Red Prince Osamor approved as council candidate AFTER drugs arrest

Son of key Corbyn ally approved as possible Haringey council candidate days after his arrest for smuggling drugs into a music festival.

The son of a key Corbyn ally was approved as a possible Haringey council candidate just days after his arrest for smuggling drugs into a music festival.

Ishmael Osamor, who works for his Labour frontbencher mum Kate Osamor, was arrested on 8 September after trying to bring £2,500 of ecstasy, cocaine, ketamine and cannabis into Bestival in Dorset. He later pleaded guilty to possessing drugs with intent to supply.

That arrest took place just days before Osamor took part in a council candidates interview panel for West Green ward in Haringey on 17th September. Some of that day’s panels are said to have been chaired by Claudia Webbe, the chair of Labour’s NEC disputes panel.

Under Labour rules, Osamor should have declared to that interview panel “any matters in my political or personal record which, if revealed, could publicly embarrass the Labour Party”. It is unclear if Osamor failed to do so, or if he was selected by the panel despite his arrest.

Osamor was successfully selected with his mother’s help last November, at which point he should also have signed a candidate contract requiring him declare any change in his circumstances that could be detrimental to the reputation of the party.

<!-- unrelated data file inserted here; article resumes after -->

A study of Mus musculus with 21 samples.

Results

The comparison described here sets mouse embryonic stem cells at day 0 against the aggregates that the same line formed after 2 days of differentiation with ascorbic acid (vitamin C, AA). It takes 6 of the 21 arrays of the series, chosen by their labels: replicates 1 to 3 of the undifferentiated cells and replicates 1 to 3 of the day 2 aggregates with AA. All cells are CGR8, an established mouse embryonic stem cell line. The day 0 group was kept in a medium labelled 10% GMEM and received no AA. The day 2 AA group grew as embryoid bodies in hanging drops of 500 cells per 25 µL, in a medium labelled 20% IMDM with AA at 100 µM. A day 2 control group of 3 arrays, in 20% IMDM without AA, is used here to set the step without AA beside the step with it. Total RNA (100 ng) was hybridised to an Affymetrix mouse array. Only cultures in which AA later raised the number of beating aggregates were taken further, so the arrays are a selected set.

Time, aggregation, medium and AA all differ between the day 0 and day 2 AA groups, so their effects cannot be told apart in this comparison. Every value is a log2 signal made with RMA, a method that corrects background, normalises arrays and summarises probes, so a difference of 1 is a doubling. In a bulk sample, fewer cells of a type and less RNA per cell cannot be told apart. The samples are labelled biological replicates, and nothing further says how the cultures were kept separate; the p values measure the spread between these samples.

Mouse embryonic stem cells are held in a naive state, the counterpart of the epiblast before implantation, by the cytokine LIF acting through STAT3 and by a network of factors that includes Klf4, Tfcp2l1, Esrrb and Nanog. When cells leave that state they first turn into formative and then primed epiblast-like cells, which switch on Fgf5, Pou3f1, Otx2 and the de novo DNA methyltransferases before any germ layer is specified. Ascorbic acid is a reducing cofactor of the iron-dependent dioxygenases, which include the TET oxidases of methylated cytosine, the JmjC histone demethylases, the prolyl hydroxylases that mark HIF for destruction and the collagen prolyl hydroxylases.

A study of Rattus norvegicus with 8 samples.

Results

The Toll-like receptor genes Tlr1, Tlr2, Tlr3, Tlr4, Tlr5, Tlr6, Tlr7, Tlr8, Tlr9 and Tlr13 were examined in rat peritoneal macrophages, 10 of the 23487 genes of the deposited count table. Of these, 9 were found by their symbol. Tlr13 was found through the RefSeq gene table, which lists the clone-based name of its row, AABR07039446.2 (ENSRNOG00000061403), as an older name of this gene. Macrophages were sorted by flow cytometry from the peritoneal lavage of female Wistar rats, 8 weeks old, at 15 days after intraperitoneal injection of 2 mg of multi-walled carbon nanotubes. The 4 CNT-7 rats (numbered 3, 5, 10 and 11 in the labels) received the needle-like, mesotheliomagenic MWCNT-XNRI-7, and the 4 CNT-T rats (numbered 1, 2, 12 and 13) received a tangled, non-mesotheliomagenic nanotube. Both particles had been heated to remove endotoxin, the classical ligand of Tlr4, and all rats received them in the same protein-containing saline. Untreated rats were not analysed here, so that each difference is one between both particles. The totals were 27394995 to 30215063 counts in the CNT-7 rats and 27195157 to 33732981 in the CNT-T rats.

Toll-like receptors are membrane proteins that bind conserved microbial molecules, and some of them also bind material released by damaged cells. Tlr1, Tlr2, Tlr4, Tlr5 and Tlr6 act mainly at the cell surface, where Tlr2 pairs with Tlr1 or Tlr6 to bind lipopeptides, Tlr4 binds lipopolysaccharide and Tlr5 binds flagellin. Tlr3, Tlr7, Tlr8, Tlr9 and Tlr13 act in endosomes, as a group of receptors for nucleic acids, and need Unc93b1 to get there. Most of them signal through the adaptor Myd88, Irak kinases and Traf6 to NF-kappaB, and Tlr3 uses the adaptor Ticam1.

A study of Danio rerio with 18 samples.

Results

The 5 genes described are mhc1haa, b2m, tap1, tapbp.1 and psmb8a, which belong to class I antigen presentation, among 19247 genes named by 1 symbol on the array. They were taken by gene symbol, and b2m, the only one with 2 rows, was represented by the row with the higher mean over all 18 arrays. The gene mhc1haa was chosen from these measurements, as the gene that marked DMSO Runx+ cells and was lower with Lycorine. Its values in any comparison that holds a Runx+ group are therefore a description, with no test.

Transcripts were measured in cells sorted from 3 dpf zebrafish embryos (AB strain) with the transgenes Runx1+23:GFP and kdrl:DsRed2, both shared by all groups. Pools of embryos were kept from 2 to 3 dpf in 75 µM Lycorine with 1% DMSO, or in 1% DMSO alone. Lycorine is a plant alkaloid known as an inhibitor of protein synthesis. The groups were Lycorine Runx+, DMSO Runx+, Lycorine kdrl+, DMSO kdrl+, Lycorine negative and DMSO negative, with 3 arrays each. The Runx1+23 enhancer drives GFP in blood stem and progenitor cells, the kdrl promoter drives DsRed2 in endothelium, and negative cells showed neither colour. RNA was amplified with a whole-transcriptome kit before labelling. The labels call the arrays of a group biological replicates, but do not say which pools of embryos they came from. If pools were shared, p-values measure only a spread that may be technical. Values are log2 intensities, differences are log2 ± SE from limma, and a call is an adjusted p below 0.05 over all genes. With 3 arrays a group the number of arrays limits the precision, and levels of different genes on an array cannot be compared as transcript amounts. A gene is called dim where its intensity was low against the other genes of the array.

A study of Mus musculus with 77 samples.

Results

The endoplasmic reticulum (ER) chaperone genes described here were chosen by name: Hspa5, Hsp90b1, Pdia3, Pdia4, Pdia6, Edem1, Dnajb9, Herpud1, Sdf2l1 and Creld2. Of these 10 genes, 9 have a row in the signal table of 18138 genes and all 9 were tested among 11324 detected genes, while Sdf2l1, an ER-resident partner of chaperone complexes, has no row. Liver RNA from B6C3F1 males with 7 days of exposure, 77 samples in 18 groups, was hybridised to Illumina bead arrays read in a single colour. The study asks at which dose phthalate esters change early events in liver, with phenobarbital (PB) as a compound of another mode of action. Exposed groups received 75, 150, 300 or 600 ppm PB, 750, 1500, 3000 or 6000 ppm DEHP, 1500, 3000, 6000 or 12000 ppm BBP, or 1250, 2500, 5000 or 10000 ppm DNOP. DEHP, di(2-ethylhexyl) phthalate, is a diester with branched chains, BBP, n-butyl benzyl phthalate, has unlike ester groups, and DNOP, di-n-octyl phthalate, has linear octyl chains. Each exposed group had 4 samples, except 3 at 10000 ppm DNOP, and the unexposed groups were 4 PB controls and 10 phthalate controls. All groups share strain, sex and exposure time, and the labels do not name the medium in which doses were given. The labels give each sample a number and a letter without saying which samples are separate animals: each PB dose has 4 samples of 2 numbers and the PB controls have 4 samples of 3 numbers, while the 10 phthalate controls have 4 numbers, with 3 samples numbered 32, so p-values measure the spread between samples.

One local activist has accused Osamor of hypocrisy, saying he issued a complaint claiming that 84-year-old councillor Sheila Peacock had breached Haringey Labour’s code of conduct in the weeks following his own arrest.

Osamor could now come under pressure to reveal whether he declared his arrest at last September’s selection meeting.

Advertisements
Like
Like Love Haha Wow Sad Angry

Related Posts

Momentum minced in Harrow

London's CLPs have long political traditions - Islington has been synonymous with the left since the early 1980s and the SDP's defections, while Harrow and Enfield were - reflecting the politics of the craft unions that once organised so many of the local workers - fortresses of the right.